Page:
By Staff Reporter / Jan 18, 2014 05:38 AM EST

Tags : Hispanic, teens, close, parents, drug, alcohol, abuse, sex, early, unprotected, family, culture, practises, prevention

  • Parenting
  • (Photo : Flickr ) Teens not close to their parents are often found to be into harmful practises.

A recent study reveals Hispanic youths coming from dysfunctional families with least parental supervision indulge in risky sexual behavior and substance abuse.

Researchers at University of Michigan say that parental involvement in the lives of Hispanic youths significantly brings down substance abuse and risky sexual behavior among them.


The researchers based their findings on a survey of 746 Hispanic teens and their parents based on six factors- positive parenting, parental involvement, family cohesion, family communication, parental monitoring of peers and parent-adolescent communication. Alongside, the teens were also asked to report about their drug and alcohol abuse, how frequently they indulged in unprotected sex or initiated early sex, in the last 90 days and lifetime.

The teens who were not close to their parents were found to be more into drugs, alcohol usage in the past 90 days and initiated unprotected and early sex.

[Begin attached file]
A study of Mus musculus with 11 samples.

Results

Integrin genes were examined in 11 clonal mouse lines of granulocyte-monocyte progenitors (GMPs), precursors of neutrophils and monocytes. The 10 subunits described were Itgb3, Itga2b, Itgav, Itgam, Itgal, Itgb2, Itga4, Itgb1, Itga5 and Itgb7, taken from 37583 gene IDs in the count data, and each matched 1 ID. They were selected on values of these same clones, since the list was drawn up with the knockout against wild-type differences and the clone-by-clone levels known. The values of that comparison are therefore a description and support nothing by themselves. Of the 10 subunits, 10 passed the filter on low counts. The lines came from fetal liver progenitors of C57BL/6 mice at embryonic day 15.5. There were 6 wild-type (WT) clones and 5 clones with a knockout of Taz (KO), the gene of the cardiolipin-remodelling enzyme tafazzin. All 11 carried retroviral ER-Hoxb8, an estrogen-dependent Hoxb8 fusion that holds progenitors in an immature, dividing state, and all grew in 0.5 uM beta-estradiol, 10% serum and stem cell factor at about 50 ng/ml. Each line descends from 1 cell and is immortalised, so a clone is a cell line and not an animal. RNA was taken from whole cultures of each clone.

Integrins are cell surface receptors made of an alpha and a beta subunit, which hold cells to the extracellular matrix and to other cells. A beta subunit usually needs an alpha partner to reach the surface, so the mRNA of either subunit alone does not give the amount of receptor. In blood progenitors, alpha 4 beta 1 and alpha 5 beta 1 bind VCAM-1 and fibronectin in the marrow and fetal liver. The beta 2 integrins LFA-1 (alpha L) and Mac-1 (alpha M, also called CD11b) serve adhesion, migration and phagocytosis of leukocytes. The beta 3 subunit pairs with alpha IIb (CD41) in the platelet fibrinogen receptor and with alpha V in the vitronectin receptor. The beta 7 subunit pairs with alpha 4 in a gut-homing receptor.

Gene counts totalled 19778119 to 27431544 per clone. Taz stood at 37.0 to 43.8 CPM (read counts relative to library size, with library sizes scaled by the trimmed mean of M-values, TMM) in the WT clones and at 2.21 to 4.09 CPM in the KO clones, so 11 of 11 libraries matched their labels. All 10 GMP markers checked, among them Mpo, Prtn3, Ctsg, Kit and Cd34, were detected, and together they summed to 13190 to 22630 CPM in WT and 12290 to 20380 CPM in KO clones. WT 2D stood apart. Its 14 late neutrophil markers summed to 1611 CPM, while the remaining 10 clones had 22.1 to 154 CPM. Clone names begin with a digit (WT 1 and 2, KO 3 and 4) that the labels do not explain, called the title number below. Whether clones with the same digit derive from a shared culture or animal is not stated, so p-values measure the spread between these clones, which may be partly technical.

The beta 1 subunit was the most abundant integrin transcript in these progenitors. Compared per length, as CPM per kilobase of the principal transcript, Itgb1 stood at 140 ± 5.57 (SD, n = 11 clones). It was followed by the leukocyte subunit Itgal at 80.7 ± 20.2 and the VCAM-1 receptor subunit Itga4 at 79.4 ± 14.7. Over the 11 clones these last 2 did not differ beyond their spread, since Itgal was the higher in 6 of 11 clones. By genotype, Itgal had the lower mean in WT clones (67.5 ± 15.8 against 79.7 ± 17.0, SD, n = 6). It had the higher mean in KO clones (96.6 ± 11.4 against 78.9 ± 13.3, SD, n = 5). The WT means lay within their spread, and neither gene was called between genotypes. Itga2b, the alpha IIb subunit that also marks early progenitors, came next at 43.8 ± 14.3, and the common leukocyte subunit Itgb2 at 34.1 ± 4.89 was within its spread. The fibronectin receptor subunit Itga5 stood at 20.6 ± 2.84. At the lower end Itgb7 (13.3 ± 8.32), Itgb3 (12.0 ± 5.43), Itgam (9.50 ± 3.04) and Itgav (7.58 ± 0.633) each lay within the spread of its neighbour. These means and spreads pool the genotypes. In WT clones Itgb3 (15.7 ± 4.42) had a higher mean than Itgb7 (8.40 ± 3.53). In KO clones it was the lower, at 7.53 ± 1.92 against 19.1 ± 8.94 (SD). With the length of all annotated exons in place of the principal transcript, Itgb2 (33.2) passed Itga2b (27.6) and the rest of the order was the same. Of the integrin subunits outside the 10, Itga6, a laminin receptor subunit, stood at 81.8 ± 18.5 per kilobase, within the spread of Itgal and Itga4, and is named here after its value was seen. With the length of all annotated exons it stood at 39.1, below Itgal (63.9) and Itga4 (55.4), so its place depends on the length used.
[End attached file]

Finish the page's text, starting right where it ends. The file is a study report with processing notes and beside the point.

The Hispanic volunteers for the study were also judged on their exposure to American and Hispanic cultural practices. Many of the Hispanics youths were found having tastes hugely differing from their parents. According to the researchers, the greater the differences, more the effect on parent-teen relationship.

Effective parental guidance can make teens aware of the pros and cons of getting involved in risky sexual behavior and reduce chances of contracting HIV, stated Cordova.

"To effectively engage Hispanic families in prevention programs, intervention developers need to consider the social, political and institutional barriers that have historically prevented this population from having quality and equal access to programs and services, "Cordova said in a statement.  "By not doing so, we run the risk of blaming them."

An earlier study showed how low socio-economic status of parents results in obesity in kids and  teens. Such parents tend to opt for high calorie fast food and do not go for healthier options.